Housing Shortage, Lead Paint, and Children (as well as investors) at Risk
Increasingly, it looks like the U.S. Supreme Court (SCOTUS) will be operating with eight members. The odds seem against Brett Kavanaugh’s being confirmed as the next justice.
Therefore, reports Tony Mauro in Law.com, justices seem to be shelving the review of cases which might result in 4–4 ties. So, it’s no surprise that on September 20th, SCOTUS removed from its review conference the controversial cases about public nuisance in California. They have been rescheduled for a future unspecified date.
“The Sherwin-Williams Company v. California,” and
“ConAgra Grocery Products v. California.”
There has been intense lobbying for SCOTUS to review these.
Both companies were convicted in a bench trial of creating a public nuisance through lead paint. If the conviction stands, they will have to pay funds to fix the health hazard of lead paint in older housing stock in designated locations in CA.
When children ingest the residue of lead paint, that lead in their blood can result in medical problems such as cognitive impairment. Yet, because of the shortage of affordable housing, those buildings must be retained. Otherwise the number of homeless families could surge. In New York City public housing, recently more than a 1,000 children tested positive for lead in their blood.
Actually, that’s a small part of what the consequences could be if the convictions are upheld. The CA Supreme Court refused to review the cases. The CA appeals court upheld the convictions but lowered the amount due for the “fix.”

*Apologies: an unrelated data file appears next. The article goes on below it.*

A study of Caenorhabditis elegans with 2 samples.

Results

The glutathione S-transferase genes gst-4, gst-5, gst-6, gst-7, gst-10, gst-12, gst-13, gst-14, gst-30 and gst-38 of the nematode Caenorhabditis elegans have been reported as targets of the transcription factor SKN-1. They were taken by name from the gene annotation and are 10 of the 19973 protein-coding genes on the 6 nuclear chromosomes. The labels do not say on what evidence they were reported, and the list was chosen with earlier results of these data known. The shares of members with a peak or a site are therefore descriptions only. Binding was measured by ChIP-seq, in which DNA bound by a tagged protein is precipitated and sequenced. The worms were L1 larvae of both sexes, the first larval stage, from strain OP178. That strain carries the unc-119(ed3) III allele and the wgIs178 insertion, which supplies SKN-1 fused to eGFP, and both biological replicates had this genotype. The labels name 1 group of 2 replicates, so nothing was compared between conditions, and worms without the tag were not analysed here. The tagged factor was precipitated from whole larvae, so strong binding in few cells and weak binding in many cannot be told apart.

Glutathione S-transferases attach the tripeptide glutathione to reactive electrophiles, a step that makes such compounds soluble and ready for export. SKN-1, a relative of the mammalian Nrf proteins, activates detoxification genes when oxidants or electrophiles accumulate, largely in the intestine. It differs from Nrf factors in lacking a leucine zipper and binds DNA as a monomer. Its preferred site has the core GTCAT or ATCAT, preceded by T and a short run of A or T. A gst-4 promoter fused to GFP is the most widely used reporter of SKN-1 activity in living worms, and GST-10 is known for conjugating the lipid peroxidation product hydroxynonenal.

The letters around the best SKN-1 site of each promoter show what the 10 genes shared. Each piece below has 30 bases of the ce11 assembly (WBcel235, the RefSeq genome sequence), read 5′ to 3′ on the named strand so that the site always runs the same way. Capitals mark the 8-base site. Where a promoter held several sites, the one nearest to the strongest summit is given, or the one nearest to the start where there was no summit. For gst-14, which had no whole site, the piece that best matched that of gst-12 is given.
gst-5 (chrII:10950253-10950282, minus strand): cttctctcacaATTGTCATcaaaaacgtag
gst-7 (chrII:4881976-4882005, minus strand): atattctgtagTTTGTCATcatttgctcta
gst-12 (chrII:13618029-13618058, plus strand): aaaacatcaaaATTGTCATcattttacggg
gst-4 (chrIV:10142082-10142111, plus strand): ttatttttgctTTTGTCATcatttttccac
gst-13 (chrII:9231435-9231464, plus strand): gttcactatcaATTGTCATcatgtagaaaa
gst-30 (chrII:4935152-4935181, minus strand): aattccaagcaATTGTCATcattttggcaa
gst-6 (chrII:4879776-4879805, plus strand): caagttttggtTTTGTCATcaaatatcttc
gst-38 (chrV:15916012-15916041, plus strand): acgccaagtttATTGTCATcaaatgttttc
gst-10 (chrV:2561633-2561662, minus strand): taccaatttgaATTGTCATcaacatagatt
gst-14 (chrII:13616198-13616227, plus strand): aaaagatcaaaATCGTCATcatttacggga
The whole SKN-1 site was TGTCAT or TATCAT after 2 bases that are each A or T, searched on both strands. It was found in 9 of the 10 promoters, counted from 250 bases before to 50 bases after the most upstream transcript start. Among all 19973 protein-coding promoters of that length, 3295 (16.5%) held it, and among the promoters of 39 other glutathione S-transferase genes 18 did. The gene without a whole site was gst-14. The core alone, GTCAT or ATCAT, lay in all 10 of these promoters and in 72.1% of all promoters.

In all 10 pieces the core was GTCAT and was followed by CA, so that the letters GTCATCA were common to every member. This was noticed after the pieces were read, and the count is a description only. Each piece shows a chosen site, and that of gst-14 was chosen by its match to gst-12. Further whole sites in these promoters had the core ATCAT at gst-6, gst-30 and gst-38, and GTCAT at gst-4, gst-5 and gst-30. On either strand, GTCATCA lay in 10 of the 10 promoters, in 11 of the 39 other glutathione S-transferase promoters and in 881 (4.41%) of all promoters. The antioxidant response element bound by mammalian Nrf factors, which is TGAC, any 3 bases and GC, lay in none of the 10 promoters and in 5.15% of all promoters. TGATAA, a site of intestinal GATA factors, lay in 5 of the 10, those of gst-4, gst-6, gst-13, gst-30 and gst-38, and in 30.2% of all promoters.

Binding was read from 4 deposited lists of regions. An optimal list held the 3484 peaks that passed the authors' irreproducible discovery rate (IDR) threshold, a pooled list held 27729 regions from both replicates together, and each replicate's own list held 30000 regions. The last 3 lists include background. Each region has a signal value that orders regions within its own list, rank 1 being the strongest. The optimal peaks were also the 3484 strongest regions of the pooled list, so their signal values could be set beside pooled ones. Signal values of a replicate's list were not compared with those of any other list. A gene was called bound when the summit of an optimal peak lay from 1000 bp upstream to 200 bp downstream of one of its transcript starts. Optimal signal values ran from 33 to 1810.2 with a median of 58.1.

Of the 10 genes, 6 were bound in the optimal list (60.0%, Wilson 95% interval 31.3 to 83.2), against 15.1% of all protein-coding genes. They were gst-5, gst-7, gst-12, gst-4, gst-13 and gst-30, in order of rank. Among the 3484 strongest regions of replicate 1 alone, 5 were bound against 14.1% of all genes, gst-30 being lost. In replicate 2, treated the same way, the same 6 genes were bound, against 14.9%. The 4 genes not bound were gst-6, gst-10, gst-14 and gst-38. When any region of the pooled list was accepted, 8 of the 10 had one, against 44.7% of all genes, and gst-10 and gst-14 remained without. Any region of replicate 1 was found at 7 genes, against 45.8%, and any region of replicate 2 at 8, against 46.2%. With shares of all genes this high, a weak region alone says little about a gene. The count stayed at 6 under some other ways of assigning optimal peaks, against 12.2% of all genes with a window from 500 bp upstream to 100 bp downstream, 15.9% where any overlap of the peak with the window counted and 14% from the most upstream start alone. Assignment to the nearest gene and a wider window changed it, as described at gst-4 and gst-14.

The bigger fallout could be that other locations in CA and other states, counties, and cities decide to file class action public nuisance lawsuits loosely modeled on the successful CA one. It is not unthinkable that such litigation could be The Next Tobacco or The Next Asbestos.
Sherwin-Williams, obviously a deep pocket, is especially vulnerable.
The Wall Street Journal outed an internal memo from 1900 indicating the hazards of lead. Yet, a few years later the corporation promoted lead paint in advertising. That’s the kind of “smoking gun” which, for example, other state attorneys general could leverage in class action public nuisance lead paint litigation.
Could Sherwin-Williams and other former lead paint manufacturers/marketers wind up going bankrupt fighting myriad such lawsuits both in CA and throughout the U.S.? Could be. But they could avoid that fate the way tobacco companies had through negotiating an analogue to the Tobacco Master Settlement. The tobacco industry paid billions but it survived.
Meanwhile, aggressive plaintiff lawyers may have decided to not wait for SCOTUS to review or not review the public nuisance cases and then to issue a ruling. Instead they can sell this kind of litigation to state attorneys general and others.
Those state attorneys general who initiate such a lawsuit in the public interest can enhance their brand — and political futures.
They can position and package themselves as heroes of the people.
In Rhode Island, Sheldon Whitehouse set in play the infamous lead paint litigation which went through two trials. There was one mistrial. And one conviction of Sherwin-Williams and two other defendants. Several years after the latter, the RI Supreme Court threw out the whole case.
However, Sherwin-Williams, represented by law firm Jones Day, had to pay years and years of legal fees. The value of its stock went on a roller-coaster. Currently, Whitehouse is a U.S. Senator.
Investors in corporations saddled with a lead paint legacy have to be aware of the litigation risks. Filings of lawsuits don’t have to wait until SCOTUS makes or doesn’t make its move.
Full Disclosure: I blogged the RI class action lead paint public nuisance second trial (11/1/05–2/22/06).